Barb Attacks | Dutchbag Beer Co.
I think it has finally happened. Summer may just have arrived in Chicago. At least the temperatures did! For me that means putting away the barrel-aged things and reaching for something light, flavorful, and refreshing. (Not that I still won’t reach for those barrel-aged things; it will just be less frequent.) Things like goses, lagers, and pale ales. Let’s get this new season started with Barb Attacks, a double gose courtesy of Dutchbag Brew Company!
We’ve had Dutchbag on the show a few times now, most recently on our Bocks of Spring show. They brew out of the Duneyrr space right now after leaving Pilot Project. Their stuff usually hits the mark, but the beer that stands out for me is their Summer Kings, a double gose with strawberries. A nice, simple, refreshing beer with a nice punch of strawberry tartness, Summer Kings looks like Dutchbag’s flagship. Obviously that double gose recipe works, so they brought it back for Barb Attacks. But this time they added much more than strawberry; Barb Attacks uses lemon balm, kiwi, and rhubarb.
Barb Attacks pours a very pale golden color. It never gets to the saison-level of straw color but it does remind me of what a gose should look like. A boisterous finger and a half of white head forms then slowly goes away. Light gets through it, but I can’t see my finger clearly through the other side. It could be the chill haze effect.
The nose flavors certainly match at least some of the ingredients in Barb Attacks. Lemon attacks first and most fiercely, followed by a big hit of salinity. A possible hint of tart kiwi whafts in but that might be can persuasion. Rhubarb does not show up at all. Some cereal grain/THP joins the mix but nothing too overwhelming. Nothing too complicated going on here, but that’s what you’re hoping for in a beer like this!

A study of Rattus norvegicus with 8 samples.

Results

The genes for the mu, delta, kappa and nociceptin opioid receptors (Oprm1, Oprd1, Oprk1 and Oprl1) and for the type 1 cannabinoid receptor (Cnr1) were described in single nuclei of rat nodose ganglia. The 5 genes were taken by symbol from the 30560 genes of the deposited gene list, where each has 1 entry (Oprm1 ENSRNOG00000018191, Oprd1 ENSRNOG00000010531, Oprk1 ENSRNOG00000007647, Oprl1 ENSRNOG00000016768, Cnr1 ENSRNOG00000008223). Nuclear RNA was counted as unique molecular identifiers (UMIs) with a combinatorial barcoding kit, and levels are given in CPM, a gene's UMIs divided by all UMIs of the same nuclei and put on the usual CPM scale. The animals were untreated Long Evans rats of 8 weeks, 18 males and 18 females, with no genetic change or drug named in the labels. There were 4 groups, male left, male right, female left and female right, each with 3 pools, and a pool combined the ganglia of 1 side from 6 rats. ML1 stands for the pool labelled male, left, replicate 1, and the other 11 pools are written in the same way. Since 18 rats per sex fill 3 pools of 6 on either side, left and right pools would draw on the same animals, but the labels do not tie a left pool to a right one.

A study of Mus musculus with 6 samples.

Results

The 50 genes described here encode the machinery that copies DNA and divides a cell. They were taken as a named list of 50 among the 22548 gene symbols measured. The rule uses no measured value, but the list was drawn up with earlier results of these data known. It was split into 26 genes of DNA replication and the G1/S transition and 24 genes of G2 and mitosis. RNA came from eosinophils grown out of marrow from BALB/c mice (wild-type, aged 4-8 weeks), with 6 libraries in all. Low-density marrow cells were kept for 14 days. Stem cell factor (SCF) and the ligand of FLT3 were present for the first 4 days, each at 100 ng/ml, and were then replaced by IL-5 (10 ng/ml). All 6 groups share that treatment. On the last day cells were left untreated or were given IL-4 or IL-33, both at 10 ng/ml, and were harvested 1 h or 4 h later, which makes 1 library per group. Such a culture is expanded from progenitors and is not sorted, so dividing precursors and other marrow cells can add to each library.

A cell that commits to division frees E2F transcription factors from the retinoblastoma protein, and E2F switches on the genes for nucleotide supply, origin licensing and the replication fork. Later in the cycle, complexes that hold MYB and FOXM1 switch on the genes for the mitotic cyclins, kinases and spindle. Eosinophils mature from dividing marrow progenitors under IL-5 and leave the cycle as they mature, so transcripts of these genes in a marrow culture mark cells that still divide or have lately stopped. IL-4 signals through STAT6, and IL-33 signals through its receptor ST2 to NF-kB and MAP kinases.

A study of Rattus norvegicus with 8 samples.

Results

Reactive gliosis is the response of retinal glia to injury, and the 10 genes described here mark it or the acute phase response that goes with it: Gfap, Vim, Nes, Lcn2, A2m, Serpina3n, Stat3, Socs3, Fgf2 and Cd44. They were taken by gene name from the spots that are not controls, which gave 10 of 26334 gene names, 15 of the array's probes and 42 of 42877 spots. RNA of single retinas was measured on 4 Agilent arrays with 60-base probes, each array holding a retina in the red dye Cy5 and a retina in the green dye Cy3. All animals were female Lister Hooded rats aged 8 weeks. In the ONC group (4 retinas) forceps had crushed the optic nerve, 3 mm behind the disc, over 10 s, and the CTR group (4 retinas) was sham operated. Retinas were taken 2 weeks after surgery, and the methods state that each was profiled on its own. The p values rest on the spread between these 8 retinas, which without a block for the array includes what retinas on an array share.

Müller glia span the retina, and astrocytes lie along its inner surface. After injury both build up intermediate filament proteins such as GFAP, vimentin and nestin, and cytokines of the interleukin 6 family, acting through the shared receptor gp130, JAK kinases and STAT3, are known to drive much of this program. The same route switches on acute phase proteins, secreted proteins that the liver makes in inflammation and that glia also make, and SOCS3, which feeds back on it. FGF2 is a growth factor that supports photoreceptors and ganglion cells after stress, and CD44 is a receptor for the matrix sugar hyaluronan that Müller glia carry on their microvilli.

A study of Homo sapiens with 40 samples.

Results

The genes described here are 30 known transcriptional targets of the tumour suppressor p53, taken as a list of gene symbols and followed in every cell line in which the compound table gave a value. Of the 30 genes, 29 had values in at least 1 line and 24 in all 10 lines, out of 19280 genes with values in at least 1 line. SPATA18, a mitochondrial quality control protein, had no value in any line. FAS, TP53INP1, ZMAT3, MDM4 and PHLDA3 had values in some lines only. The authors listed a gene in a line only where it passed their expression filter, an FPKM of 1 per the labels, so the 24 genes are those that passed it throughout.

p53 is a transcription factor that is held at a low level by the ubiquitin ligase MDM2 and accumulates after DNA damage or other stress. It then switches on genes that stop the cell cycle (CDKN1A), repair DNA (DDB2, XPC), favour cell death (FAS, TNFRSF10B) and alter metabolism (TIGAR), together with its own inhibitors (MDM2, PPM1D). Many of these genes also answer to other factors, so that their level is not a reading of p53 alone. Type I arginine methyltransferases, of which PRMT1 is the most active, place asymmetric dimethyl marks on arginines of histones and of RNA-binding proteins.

Things kind of switch places on the palate. Kiwi stars here, providing a lovely tartness that never goes so far. Lemon shifts to a supporting role, providing a nice spritz of tart undercurrent. Barb Attacks finishes dry like a gose should but never to the point of needing a chug of water after each sip. As a double gose at 6.4% ABV, some of the alcohol heft for this style shows up in the finish but again never so much as to prohibit finishing the can.
Rhubarb never really shows up on the palate either in Barb Attacks. Maybe it contributes to a fuller mouthfeel? It’s in the beer, but I have no idea what if it’s doing anything. The beer moves across the palate fast and doesn’t linger too much, leaving only some tartness behind. Despite some of the booze showing up at the finish, you’ll still crush this can in no time flat.
Barb Attacks does what it sets out to do – a refreshing gose with some nice fruit flavors. It doesn’t do anything flashy or overfruited; it stays drinkable. There might be a little booze burn on the end, but it’s manageable and fine. The fruit supports the base double gose nicely and doesn’t overpower things. Barb Attacks is a perfect fine and competent beer.
Unless you’re having an outdoor party in the summer. Barb Attacks is the definition of a cooler beer. A refreshing and slightly tart beer that doesn’t hang around too long on the tongue? Sign me up. Barb Attacks comes off as a fancy, boozy kiwi-lemonade style beer. It’s not breaking any new ground or knocking it out of the park with new flavor combinations. But hot damn, if there’s a cooler full of this at a party over the summer, I’ll be grabbing my fair share.